Wayne County Prosecutor Kym Worthy has gone to court when she felt her office's budget was too small. A bill in the Legislature would likely slow down the practice. (Clarence Tabb, Jr. / AP)
A bill in the Legislature would help make sure local and county budgets are decided by those elected to do the job, not by the courts. The measure rightly keeps courts out of local budgeting battles and sets new limits on lawsuits filed against one elected official by another over spending.
An example is the suit brought earlier this year by Wayne County Prosecutor Kym Worthy against the Wayne County Board of Commissioners. Worthy contended her budget wasn’t adequate and went to court to get more money.
The problem with this approach is that it takes the budgeting process out of the hands of those who were elected to make such decisions and gives the power to a circuit court judge.
It isn’t a trial judge’s responsibility to address budget policy, and the presiding judge may have a vested interest in the outcome.
Under the proposed bill, any lawsuits from elected officials would go before the Michigan Court of Appeals and not the circuit court. Because it is one step higher in the judicial chain of command, it is expected the Appeals Court would be more impartial.
Also, the bill would allow the Appeals Court to consider a county or governmental unit’s ability to pay. These lawsuits are expensive, and the loser is always the taxpayer. Public funds not only pay the attorney fees for both sides of such litigation but also are used in any settlements.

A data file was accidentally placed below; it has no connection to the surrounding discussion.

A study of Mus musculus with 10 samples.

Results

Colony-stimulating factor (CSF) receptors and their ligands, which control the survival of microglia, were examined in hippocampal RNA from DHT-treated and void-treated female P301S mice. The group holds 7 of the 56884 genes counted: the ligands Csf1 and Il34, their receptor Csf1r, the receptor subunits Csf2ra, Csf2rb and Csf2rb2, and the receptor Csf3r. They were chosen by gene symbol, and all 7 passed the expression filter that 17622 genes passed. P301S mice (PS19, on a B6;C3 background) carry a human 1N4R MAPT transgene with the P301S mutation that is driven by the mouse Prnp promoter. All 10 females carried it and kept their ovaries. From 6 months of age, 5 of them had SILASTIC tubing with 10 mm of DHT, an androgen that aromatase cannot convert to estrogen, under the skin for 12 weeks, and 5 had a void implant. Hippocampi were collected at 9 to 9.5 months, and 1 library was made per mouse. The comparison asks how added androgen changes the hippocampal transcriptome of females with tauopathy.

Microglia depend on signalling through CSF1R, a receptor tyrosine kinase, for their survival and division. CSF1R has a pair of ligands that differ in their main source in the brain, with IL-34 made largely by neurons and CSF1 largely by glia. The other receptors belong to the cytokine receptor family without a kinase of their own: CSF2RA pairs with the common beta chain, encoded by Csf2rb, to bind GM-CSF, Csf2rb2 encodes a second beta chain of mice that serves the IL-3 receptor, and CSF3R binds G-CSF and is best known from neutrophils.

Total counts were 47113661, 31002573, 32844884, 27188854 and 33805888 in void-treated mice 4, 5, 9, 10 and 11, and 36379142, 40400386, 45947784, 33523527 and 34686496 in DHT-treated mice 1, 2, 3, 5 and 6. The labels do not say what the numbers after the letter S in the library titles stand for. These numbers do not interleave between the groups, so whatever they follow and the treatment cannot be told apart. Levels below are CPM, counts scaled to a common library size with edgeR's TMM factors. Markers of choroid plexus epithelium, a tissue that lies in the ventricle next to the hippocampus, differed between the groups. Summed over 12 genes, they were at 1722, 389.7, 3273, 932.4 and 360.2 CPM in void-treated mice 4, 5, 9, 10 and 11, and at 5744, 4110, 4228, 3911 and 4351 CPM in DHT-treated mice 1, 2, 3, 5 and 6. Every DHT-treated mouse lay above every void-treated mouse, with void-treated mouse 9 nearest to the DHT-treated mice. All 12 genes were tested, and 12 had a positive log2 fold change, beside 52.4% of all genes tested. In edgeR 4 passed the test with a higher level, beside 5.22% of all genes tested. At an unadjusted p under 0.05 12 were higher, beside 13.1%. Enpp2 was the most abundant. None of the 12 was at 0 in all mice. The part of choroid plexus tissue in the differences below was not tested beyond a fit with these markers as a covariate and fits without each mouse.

Wayne County spent more than $3 million in legal fees last year.
The Michigan Association of Counties and other such municipal groups favor the bill but heavy lobbying against the proposal continues to come from the Michigan Judges Association, which represents circuit court judges.
A hearing was held Tuesday on the bill, which is in the Senate Government Operations Committee. Lawmakers should send it to the Senate for approval. The House has already passed it.
To avoid the appearance of a conflict of interest, the circuit court judges should want the bill passed. At times, the local financial battles have involved circuit court budgets.
In such cases, the lawsuits have been turned over to a circuit court judge from another county, but that judicial official might be overly sympathetic to his next door colleague.
The problem is statewide, as illustrated by Rep. Peter Pettalia, R-Presque Isle, who testified Tuesday that his district has also encountered expensive intra-county lawsuits.
Elected officials who want more money for their departments should do it the old fashioned way, through working the legislative branch and the public.
This bill, while it wouldn’t halt such lawsuits entirely, would help return budget-making to the proper venue.